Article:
Wednesday October 25, 2017
Suppose a Dalmatian (a dog breed, in case there is some confusion!) says it wants to get rid of its spots. Suppose further, that a scorpion says it would no longer sting. How much credibility should one give to these claims?
Something similar has happened in “Saudi” Arabia where the Crown Prince, Muhammad bin Salman announced yesterday that “We are returning to what we were before—a country of ‘moderate’ Islam that is open to all religions and to the world.”
Bin Salman (BS for short) was speaking at the Future Investment Initiative, an economic forum in Riyadh attended among others by Managing Director of the International Monetary Fund (IMF), Christine Lagarde. There were also business leaders from around the world.
BS announced plans to create a totally new city at a price of $500 billion. What would be different in this city, to be named Neom that other cities in the opaque kingdom do not offer?
The ambitious young prince wants to lead the way in the use of drones, driverless cars and robotics.
Interestingly, the kingdom only recently announced that women would be allowed to drive cars, but from next year. Why not allow them to drive immediately was not made clear.
Is the idea of driverless cars a way to placate the country’s conservative elements that are not happy with allowing women to drive? They allege that women driving cars would lead to immorality!
We need to return to BS’s claim of representing “moderate” Islam and his pledge to work to defeat extremist ideas. He said this would ensure that young Saudis live in harmony with the rest of the world.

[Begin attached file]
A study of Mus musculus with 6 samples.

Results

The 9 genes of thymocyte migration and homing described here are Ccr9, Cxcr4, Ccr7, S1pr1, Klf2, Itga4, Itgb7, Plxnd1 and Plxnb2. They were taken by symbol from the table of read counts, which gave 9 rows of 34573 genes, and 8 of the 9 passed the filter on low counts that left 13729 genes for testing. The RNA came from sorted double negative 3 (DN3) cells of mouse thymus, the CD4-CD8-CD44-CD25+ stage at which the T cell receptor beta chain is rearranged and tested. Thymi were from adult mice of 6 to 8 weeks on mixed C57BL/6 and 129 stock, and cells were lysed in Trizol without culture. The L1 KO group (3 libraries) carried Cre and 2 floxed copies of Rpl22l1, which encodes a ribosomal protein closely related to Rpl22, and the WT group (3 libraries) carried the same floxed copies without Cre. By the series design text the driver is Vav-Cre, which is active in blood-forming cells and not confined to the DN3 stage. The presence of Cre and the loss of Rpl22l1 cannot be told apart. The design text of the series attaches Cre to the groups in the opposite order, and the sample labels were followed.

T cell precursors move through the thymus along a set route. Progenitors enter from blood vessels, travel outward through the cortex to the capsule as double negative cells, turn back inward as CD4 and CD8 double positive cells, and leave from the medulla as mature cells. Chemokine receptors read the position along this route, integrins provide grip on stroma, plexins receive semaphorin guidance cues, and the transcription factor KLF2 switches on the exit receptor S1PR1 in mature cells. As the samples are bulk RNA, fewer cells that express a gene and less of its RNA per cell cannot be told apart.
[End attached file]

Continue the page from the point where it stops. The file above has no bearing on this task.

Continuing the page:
“We will eradicate the remnants of extremism very soon. We represent the moderate teachings and principles of Islam,” BS said.
“Saudi” Arabia is a terror factory. Wahhabism is at the root of most of the sectarian problems in the world. Takfirism is its poisoned fruit that has caused havoc in much of the Muslim world.
So which “moderate” Islam is BS referring to? The very raison d’etre of “Saudi” Arabia is Wahhabism. The toxic alliance between the Bani Saud and Ibn Abdul Wahhab in 1744 is what ultimately led to the emergence of the “Saudi” kingdom in 1932.
“We were not like this in the past,” said BS. A reasonably informed person would say that is absolute BS. Wahhibism and extremism are two sides of the same coin; in fact they are one and the same thing. So what exactly is BS talking about and why now?
The Saudi economy has suffered massive blows as a consequence of the foolish policies pursued by BS and his demented father, King Salman. They have suffered defeats in Syria, Iraq and Yemen. Low oil prices have caused havoc in the kingdom.
The Bani Saud need cash and lots of it, hence the Riyadh conference as well as the new makeover of a “moderate” outlook. Ms Lagarde’s presence was reflective of Saudi desperation. At the end of August, the regime went to the IMF with a begging bowl for $10 billion.
That is peanuts in terms of Saudi needs but these are desperate times. And the kingdom has to show it is opening up and it would no longer export extremism.
The real test would be whether the kingdom would now disband such outfits as the Rabita, the World Assembly of Muslim Youth (WAMY), and Dar al-Ifta that are used as fronts to spread Wahhabi extremism by dishing out largesse in the Muslim world.
There must be proof that the Saudis have stopped financing extremist madrassas in countries like Pakistan, Bangladesh, Malaysia and Indonesia—the last two corrupted by large doses of cash in recent years—before BS’ pronouncements can be taken seriously.